L.A. Council Bans Pot Shops After Regulation Struggle
The Los Angeles City Council voted Tuesday to shut down all of the medical marijuana dispensaries in the city. That's no easy task. There are more than 800 of them — more than the number of Starbucks coffee shops in Los Angeles. But after years of struggling to regulate pot shops, city officials have decided to prohibit them altogether.
Jennifer Moran supports California's 1996 Compassionate Use Act, which allows people to use marijuana for medicinal purposes. However, the new mother says things have gotten out of hand in her East Hollywood neighborhood. She's flanked on both ends of her block by medical marijuana dispensaries.
"When I walk home from the grocery store, I have to walk past a marijuana clinic where people are standing outside smoking marijuana," she says. "People stand in front of my house smoking marijuana, and I'm right across the street from a K-2 school."
In some areas of Los Angeles, dozens of pot shops crowd single zip codes. They feature myriad varieties of marijuana stuffed into plastic baggies, rolled into joints and cooked into brownies. Some are mom-and-pop nonprofits. Others are multimillion-dollar businesses serving more than 1,000 people.
These patients easily obtain recommendations from a handful of doctors willing to write them for ailments ranging from cancer to back pain to stress. In testimony before the City Council, Los Angeles Police Chief Charlie Beck says he has no problem with medical marijuana.
"What we do have issue with is large, for-profit businesses that operate outside what we think is state law," he says, "and not only cause a nuisance to the community but cause a public danger because of a very toxic mixture of high-value narcotics and a lot of cash."
Since 2007, Los Angeles has attempted to regulate pot shops by limiting their number and placing restrictions on their operations. Pot shop owners have sued, arguing that state law allows them to create collectives that distribute marijuana.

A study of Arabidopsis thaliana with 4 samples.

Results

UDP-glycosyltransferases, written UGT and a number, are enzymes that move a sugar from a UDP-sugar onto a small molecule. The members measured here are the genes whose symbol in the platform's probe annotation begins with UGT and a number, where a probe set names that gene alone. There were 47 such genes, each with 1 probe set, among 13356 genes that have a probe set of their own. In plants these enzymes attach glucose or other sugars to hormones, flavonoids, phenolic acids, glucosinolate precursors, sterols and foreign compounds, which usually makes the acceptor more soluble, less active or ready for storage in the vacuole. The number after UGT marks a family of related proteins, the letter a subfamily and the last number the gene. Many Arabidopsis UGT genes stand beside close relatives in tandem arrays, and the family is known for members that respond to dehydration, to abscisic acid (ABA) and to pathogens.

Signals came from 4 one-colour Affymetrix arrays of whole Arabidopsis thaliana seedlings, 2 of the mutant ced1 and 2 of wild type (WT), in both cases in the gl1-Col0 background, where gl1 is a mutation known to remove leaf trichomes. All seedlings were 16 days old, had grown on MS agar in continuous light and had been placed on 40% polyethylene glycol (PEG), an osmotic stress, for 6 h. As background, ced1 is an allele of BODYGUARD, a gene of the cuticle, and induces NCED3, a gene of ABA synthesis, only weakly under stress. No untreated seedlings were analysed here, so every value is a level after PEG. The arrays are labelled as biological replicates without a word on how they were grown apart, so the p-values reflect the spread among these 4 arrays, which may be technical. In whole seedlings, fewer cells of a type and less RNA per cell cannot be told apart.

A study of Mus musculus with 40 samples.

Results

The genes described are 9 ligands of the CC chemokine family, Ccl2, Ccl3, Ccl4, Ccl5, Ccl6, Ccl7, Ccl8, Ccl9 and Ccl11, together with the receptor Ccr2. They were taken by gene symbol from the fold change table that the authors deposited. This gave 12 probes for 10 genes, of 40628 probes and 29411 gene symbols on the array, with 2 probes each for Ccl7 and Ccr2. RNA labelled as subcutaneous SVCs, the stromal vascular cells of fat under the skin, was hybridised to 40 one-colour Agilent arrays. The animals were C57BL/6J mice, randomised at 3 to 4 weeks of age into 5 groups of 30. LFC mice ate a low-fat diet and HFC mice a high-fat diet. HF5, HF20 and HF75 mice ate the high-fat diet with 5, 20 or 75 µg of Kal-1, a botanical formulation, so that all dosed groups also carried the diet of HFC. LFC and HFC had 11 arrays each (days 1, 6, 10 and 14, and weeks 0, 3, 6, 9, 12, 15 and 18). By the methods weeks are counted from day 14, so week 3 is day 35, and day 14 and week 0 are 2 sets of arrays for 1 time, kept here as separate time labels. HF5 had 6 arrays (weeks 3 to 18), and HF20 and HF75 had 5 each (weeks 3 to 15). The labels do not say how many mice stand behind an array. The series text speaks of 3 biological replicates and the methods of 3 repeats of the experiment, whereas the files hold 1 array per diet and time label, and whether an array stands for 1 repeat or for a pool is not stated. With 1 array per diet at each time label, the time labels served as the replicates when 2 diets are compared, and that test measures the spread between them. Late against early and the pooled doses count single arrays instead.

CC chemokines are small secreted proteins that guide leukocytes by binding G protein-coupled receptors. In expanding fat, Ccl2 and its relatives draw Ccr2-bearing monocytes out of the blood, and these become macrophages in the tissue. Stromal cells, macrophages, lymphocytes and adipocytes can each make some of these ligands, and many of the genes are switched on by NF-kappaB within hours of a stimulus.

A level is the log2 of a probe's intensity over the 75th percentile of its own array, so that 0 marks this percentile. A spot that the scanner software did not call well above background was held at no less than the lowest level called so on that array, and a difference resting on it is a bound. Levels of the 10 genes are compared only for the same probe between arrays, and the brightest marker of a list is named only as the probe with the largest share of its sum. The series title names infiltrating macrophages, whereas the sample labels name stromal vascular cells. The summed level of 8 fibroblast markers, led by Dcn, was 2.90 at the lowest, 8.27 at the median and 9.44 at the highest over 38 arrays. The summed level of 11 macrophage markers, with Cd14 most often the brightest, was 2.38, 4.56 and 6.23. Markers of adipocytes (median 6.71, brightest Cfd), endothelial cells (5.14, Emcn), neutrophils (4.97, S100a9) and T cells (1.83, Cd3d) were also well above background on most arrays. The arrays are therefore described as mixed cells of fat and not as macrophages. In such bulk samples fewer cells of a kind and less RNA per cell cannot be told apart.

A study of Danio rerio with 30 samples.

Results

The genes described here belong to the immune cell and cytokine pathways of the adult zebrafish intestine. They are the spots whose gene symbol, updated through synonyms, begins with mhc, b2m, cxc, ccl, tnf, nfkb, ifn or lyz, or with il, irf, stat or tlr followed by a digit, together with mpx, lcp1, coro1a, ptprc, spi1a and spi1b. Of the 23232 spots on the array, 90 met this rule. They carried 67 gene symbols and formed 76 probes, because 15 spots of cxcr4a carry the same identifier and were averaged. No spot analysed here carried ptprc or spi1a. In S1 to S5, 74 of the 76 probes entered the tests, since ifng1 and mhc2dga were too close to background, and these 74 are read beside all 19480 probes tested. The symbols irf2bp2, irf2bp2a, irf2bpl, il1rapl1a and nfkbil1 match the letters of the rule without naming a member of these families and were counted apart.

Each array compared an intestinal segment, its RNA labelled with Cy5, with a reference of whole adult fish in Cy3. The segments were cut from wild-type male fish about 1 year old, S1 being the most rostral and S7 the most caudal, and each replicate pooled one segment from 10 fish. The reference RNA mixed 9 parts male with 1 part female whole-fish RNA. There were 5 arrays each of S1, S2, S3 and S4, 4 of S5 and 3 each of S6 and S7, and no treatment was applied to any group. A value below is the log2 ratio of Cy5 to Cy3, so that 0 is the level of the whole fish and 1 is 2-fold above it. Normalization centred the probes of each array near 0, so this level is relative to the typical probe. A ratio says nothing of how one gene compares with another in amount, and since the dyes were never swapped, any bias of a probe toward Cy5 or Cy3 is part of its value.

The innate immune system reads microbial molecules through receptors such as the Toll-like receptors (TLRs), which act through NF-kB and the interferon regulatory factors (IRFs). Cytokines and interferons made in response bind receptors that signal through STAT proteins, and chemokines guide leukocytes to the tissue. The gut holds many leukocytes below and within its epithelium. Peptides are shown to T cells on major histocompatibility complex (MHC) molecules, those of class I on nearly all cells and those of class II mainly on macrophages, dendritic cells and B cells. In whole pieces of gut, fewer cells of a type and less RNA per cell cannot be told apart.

Courts have issued conflicting rulings, with one saying federal law prohibits any use of marijuana. Indeed, federal authorities periodically raid pot shops in California.
Many on the City Council are conflicted over the issue. Councilman Paul Koretz says pot provides relief for his friends with AIDS.
"I'm not happy about the hundreds of illegal dispensaries that have been added, but I don't want to see us completely close access off to people that desperately need medical marijuana," he says.
Outside City Hall, Michael Oliveri sits in a wheelchair, inhaling pot through a vaporizer. He suffers from muscular dystrophy.
"I don't like the illegal shops. I even have friends that own some of them, and I tell them, 'You know, you're the problem. You're the reason why I have so many problems in L.A.,' " he says.
The 28-year-old says banning medical marijuana dispensaries will make it too hard for him to obtain a medicine that relieves his pain and improves his appetite.
"I'm pretty much fighting just to stay alive. It's the only medicine that allows me to eat, and not weigh 84 pounds and be 6-foot-1," he says. "It's not a very good combo. So I'm trying to put on that extra 100 pounds."
Under the new ordinance, Oliveri can grow pot with one or two other people. Or he can travel to nearby cities that allow medical marijuana dispensaries. Those pot shops may be deluged with customers as L.A. moves to shut down its own.
Medical marijuana activists in the city haven't given up yet. They say they may place a referendum before voters that would once again allow pot shops in L.A.